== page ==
The Principle’s Office: How to avoid falling for fake nice guys like David Dobrik


Is it the fact that he is polite? Is it the fact that he gives away Teslas? Is it that his boyish giggles make him appear non-threatening?

People are so shocked that YouTuber David Dobrik has enabled disgusting behaviors such as sexual assault and the general mistreatment of those involved in his vlogs, but I have to ask: What kind of stuff did people think he was up to to begin with? Has David Dobrik ever shown the public that he is willing to stand up for what is right even if it conflicted with his career or bottom line?   

I’m not here to rip Dobrik apart specifically, although he does make for nice clickbait. Rather, I want to talk about the archetype of person that he represents to the public eye. I think that it’s time we talk philosophy and ask ourselves “What makes a good person” or at the very least, what does not. 

Anyone can look like a decent person from afar. Whether it’s a YouTuber or your neighbor, anyone can throw around enough pleases, thank yous and G-d bless yous to convince you that they generally do the right thing. For that reason, I am not big on words in assessing character.   

Using Dobrik as a case study, there are a few talking points that people reference when discussing all the good he has done. First, there’s the fact that he gives away Teslas to his friends like they’re Tic Tacs. While doing so provides a net positive outcome to all those involved, I do not think it speaks to how good of a person Dobrik is himself. 

In my books, what makes a person good is how they act when the kinder course of action directly conflicts with the actor’s own self-interest. Goodness that speaks to one’s character demands self-sacrifice. 

There is nothing more self sacrificial in giving away a Tesla for a YouTube video than there is in investing heavily into production costs on a movie set. Both improve the quality of the work and are investments that will likely have handsome returns. It’s a nice thing to do, but it doesn’t make you a nice person (though some more utilitarian-leaning students and philosophers may harshly disagree with me).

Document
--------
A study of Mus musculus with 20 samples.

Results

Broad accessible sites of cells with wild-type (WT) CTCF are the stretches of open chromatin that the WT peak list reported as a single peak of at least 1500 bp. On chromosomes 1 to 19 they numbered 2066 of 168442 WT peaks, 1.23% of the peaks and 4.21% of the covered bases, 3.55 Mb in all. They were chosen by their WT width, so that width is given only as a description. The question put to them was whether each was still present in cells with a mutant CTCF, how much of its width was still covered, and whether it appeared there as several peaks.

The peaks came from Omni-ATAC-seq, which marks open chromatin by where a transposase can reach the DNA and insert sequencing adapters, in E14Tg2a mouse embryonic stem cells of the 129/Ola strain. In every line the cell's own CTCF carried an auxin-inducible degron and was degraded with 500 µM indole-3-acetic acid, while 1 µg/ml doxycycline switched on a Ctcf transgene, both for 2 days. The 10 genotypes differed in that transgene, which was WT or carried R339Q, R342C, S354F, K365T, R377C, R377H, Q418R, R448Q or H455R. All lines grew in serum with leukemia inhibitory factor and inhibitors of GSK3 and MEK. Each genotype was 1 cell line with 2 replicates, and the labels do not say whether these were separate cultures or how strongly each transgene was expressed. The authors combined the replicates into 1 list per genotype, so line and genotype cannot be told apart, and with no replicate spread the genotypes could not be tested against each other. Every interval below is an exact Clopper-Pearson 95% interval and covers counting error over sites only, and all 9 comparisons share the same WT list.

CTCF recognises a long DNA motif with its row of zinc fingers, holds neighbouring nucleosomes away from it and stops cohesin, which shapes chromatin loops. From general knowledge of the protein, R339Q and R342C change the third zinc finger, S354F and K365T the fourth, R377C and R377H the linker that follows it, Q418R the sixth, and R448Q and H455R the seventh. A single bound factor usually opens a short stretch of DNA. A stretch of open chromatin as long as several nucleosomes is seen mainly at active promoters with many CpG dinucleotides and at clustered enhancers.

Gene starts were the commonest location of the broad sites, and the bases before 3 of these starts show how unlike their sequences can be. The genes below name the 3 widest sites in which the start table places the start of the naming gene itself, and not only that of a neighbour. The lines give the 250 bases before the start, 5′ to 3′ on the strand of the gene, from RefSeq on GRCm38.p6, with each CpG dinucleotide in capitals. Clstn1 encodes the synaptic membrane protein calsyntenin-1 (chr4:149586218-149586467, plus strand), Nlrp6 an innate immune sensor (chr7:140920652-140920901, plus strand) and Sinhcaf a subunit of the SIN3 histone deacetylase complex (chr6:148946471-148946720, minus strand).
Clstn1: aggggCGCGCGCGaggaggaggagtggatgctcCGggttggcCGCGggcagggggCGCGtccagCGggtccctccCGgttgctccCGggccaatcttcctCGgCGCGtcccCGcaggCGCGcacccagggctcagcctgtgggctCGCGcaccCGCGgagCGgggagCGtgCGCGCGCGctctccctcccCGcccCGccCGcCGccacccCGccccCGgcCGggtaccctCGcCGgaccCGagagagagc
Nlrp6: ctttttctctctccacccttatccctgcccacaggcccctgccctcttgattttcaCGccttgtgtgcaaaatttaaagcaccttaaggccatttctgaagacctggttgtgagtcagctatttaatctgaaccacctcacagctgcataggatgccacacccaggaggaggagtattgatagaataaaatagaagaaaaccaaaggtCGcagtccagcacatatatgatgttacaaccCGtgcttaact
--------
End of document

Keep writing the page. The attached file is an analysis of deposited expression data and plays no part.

I personally respect people with a strong moral character. Before the anti-cancel culture troglodytes come for me, I want to clarify that this doesn’t mean public figures are never allowed to mess up, grow or redeem themselves. But the way I personally navigate these YouTube streets is by asking myself if I’ve ever seen a certain creator stand up for what they believe to be right at the potential expense of a few career points. If they have, then I am more inclined to trust that they are a good person and more likely to be disappointed at any profound moral blunders of theirs. 

The reason that I think self sacrifice is a good metric for kindness is because, if you’re lucky, life is going to inevitably hand you over some opportunities to be a bad person and gain from it. In the same fashion that you’re only as strong as your weakest link, I truly believe that you’re only as nice as your behavior in situations that make unethical choices the most tempting — in situations that make you the most morally weak.  

I have placed Dobrik in the category of non-self-sacrificial, not only because of the many testimonials that paint him as such, but mostly because of his lack of controversy in the name of the greater good despite being the king of YouTube for a sizable reign. He’s never sat down and ruffled any feathers for something in the name of ethics. 

I am weary of a person like Dobrik, who (until now) had a squeaky clean reputation, in life but specifically online. If we agree that certain, if not many, normative behaviors are unethical, then it makes sense to be suspicious of people who defend and embody those norms a little too hard — so hard that they’ve never really deviated from those norms before. This sentiment is only amplified by the online context of Dobrik’s situation, given that we have always known the entertainment industry to be chock full of morally bankrupt practices. 

I am not trying to say that in order to be trustworthy in the public eye you need to be controversial. But I do think that if you’re a vlogger trying to promote your lifestyle, then you should at least stick your neck out to promote a good one, even if it affects your bottom line. We’ve never seen Dobrik do that before, and that’s probably why so many were convinced he is just a typical good guy who doesn’t get into trouble. 

I am tired of people falling for such shallow “good person” acts. It should take real sacrifice and meaningful action to be considered a “good guy.” The squeaky clean act is bullshit and I am over it. 

I’ll end with a saying that has served me with a lot of guidance in analyzing situations like these: believe none of what you hear and only half of what you see.

Julia Leb is a junior writing about philosophy, politics and social issues. Her column, “The Principle’s Office,” runs every other Monday.